A student’s love letter to Oakland


Illustration by Brittany England/The Pioneer

Elizabeth Avalos,
Staff Writer

A Cal State East Bay classmate once told me that I turned out really well for being from East Oakland. Her statement made me laugh, but it also made me question how many other people share what I understood to be a negative view of my city.

In retrospect, I was one of those people. The attachment and sentiments I share for Oakland today were not always there. As a child, I could not wait to be old enough to move away and never look back. But today, I can earnestly say that Oakland is the most beautiful, authentic, culturally rich city in the world and genuinely mean it.

Inevitably, a dangerous city shapes you much differently than a safer city would, but not always in a bad way. In fact, I would not trade my historically dangerous city for even the safest city in the world. Not today, not ever.

But before I learned to love it, I found it easy and natural to hate it. What was there to love about a city so famous for its violence, shootings, sideshows, murders and drive-bys? In the mid and late 1990s to early 2000s, my answer was nothing.

I hated feeling terrified every time my father left for work, my older siblings went out with their friends or my mother made a trip to the supermarket by herself. I could not wait to abandon “Little Iraq” and never look back.

Today, the situation in my neighborhood is no longer what it used to be. Sideshows no longer happen three blocks away from my home as frequently as they used to and the nearby bar that drunk men stumbled out of every day of the week no longer exists. But this form of fear never fully subsides. Although the pre-existing concerns have lightened, the pre-established methods of precaution have become unbreakable habits.

My mother still walks me out the front door every morning and from our front steps she analyzes every tire and window of my car to make sure nothing was done to it overnight. Whether I arrive home at 7 p.m. or 3 a.m., I always find her on the couch waiting for me to make it through the front door safely. On days when I get off work and it’s dark at 8 p.m., my father has arrived by 7:50 p.m. to pick me up and drive us home. Part of this is the unconditional love that my parents have for me, but part of it is the drug-addicts and drunks who linger near Lake Merritt, which is across the street from the city building I work in.

Despite this, my city and I have come a very long way. I understand that many people still share the negative feelings I once felt towards Oakland too. Those of us who have the honor of calling this place home get to see it from the inside out and hold a stronger sense of appreciation for all that it is, than those who look at it from the outside in.

It took me a long time, but once I learned to stop allowing the violence, the tragic news stories and the devastating homicide statistics define my city, I realized that there is much more to this place than what I had formerly allowed myself to see. I understood that regardless of the circumstances, any place can be what you decide to make of it.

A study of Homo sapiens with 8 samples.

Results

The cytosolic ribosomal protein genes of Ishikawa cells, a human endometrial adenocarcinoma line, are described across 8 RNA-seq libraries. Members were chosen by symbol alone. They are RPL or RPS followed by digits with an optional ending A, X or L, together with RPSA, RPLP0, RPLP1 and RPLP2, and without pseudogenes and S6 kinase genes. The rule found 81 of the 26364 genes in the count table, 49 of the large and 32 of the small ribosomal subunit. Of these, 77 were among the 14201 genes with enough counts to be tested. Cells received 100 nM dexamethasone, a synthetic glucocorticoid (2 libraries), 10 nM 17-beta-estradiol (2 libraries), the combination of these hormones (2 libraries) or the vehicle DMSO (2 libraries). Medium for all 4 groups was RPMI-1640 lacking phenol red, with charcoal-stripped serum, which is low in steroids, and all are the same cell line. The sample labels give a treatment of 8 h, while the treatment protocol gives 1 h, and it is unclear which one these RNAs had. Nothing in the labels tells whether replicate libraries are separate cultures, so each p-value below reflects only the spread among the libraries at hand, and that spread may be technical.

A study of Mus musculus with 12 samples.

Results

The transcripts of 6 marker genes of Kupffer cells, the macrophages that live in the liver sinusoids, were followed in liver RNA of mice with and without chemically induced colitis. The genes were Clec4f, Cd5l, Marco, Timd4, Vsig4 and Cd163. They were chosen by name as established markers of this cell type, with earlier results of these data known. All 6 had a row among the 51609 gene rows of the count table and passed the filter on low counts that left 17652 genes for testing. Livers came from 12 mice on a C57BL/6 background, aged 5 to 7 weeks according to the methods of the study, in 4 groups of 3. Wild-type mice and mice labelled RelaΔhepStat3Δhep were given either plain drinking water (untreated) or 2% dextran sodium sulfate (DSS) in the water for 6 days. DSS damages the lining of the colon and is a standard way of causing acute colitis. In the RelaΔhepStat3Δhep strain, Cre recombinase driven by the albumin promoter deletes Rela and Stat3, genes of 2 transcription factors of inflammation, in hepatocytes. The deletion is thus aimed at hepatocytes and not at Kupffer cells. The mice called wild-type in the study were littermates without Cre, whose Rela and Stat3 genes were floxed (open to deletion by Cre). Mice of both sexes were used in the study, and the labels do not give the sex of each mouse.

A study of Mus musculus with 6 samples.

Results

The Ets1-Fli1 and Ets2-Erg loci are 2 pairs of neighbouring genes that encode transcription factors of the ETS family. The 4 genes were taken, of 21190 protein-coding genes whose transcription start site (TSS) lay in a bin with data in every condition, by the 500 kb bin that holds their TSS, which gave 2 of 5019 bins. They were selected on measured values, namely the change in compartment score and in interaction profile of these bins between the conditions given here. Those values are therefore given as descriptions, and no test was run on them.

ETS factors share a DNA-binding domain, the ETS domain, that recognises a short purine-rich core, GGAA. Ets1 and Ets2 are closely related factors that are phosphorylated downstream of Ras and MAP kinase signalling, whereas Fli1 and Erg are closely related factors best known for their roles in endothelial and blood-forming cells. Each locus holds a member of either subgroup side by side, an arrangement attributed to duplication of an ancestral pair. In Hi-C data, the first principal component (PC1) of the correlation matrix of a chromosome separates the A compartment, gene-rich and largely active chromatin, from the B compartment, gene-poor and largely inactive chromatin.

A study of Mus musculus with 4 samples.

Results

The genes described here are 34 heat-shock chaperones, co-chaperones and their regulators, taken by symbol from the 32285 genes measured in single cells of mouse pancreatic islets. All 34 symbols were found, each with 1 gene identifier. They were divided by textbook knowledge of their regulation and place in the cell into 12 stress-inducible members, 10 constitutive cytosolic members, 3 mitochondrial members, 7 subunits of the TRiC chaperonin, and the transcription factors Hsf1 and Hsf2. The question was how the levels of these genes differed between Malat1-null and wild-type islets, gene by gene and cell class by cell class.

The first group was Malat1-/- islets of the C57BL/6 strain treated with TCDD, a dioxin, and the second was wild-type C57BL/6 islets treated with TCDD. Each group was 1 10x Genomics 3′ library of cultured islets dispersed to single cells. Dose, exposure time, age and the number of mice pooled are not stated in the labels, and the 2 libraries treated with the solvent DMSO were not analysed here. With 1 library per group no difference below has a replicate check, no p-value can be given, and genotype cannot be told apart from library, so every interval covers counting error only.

Before, living in East Oakland terrified me because even if you stayed out of trouble, if you were ever at the wrong place at the wrong time, you could be caught in crossfire and the consequences could prove fatal. This became especially clear when a drive-by occurred on my block. My family was safe, but some of our car windows were shattered.

Still, as I began traveling to farther cities around the world, it became evident that the cultures, the diversity, the cuisines and the overall lifestyle that Oakland provides cannot be matched. Whether you choose to go for a ride on a gondola or have a picnic at Lake Merritt, enjoy a caramel filled churro or fruit in a cup in the Fruitvale district, appreciate the scenic views or dine at Jack London Square, enjoy the live performances and art at First Fridays, hike Redwood Regional Park or catch a Dubs game at Oracle or the New Parkway Theatre, you realize that defining Oakland by its violence and crime statistics is a grave injustice within itself.

I admit that a certain level of fear still strikes when I drive home alone at 1 a.m. after a night out with my girlfriends or when the sound of gunfire goes off closer than usual at 2 a.m. But the biggest difference between then and now is that this fear no longer overshadows all the good that Oakland is home too.

Today, even when I roam the streets of Paris, Madrid or Rome, I hella miss the place where I scored my first soccer goal and the place that all my childhood memories call home. Oakland has shaped my outlook on life and the strong family dynamic I have today. At the end of the day, no matter where life takes me, no place will ever mean more to me than the place that watched and helped me grow.